Running A Micro Store: My Hands-On Experience With Social eCommerce In China (Part 1: Why Am I Doing This?)
Note: This is the first in a series of blog posts I am planning to document my eCommerce experience.
Over the past 12 months, my colleagues and I have had many discussions about the next big thing for the eCommerce market in China. Key questions include:
- Who will be the next Taobao or Tmall in China?
- How will social commerce affect the dynamics of the current market, in which Alibaba owns the majority of the consumer traffic and overall gross merchandise value (GMV)?
- Will WeChat be the top challenger and platform for social commerce?
But while we’ve been having discussions, my friend has generated more than RMB 25 million in revenues in 12 months with a small team of five people by starting a microstore (wei dian in Chinese). A microstore is a third-party HTML5-based consumer-to-consumer eCommerce platform, very similar to Taobao when it first started out. It leverages real personal relationships on WeChat to promote products. Microstores (or ministores), run by Pocket Shopping, which is 10% owned by Tencent, are one of the three major eCommerce models on the WeChat platform, and probably the fastest-growing at the moment (we’ll describe this in detail in an upcoming Forrester report, “Use WeChat To Facilitate Cross-Channel Sales And Customer Engagement,” which is scheduled to be published next month).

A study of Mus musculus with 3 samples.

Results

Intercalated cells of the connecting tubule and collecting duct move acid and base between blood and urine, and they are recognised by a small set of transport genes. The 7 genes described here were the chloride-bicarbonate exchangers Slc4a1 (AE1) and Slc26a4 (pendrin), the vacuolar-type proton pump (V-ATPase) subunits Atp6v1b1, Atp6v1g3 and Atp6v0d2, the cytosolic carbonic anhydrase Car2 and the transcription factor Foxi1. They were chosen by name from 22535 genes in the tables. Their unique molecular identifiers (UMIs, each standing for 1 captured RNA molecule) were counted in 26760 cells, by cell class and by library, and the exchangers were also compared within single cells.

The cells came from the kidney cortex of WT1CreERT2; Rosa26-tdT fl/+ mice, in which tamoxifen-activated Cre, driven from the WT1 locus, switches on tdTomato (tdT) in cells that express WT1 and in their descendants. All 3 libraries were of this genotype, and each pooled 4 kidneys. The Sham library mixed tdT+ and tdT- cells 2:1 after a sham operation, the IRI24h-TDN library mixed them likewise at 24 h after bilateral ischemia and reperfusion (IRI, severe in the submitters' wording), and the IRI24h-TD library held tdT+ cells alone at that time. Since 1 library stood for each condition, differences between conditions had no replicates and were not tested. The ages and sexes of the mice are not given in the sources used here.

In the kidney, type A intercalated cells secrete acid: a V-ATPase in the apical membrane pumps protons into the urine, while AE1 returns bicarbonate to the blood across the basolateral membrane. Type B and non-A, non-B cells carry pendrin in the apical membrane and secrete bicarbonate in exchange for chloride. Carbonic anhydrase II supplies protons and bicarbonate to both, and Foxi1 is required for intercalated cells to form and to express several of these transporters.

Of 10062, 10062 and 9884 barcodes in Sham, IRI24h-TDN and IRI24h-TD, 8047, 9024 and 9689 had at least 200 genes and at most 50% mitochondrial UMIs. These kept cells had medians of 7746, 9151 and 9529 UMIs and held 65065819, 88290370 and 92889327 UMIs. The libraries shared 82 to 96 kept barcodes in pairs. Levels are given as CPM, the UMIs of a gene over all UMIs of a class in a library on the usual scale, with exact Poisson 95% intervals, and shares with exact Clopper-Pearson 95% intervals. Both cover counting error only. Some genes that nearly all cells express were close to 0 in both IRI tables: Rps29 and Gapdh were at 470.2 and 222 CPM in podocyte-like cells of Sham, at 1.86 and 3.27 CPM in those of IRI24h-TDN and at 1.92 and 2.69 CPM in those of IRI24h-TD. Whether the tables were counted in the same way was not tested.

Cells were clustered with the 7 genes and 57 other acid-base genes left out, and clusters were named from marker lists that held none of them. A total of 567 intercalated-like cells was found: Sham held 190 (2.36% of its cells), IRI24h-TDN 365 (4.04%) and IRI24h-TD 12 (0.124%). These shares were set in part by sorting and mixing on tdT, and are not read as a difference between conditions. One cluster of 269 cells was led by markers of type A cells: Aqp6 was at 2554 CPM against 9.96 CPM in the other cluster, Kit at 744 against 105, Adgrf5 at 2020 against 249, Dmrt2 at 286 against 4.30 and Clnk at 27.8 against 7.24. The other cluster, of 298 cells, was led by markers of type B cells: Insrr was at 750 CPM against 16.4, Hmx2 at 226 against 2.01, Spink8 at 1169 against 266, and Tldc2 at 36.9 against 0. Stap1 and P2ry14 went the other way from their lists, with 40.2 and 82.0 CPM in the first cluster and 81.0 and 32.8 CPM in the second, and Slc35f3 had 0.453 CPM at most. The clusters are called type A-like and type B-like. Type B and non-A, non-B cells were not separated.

That triggered my thinking about the rapidly evolving microstore ecosystem:
- Why have microstore grown so fast in just over 18 months?
- What are the key differences between microstores and Taobao? How much impact can real-world relationships on social networks like WeChat have on eCommerce?
- Microstores are developing extremely fast — just as everything else in China’s Internet industry. Will seeing WeChat moments full of eCommerce links and ads heavily degrade the value of social commerce in the eyes of consumers?
- How severe is the issue of fake products, as microstores have almost zero entry costs, just like Taobao?
- How will microstores likely affect the strategies of local and global brands seeking to leverage WeChat for eCommerce?
To answer these questions, I decided to open my own microstore for a short period of time (approximately two months) and document my experiences. I am a gadgets guy and I always buy a lot of devices for my own interest. I usually use them for a very short period of time before moving on to something else. This collection of lightly used devices provides the perfect stock for me to sell via my own microstore.
I will record my personal experience running a microstore via regular blog posts. Should you have any questions other than those I have listed above, please do share with me and I will try my best to answer them. Stay tuned!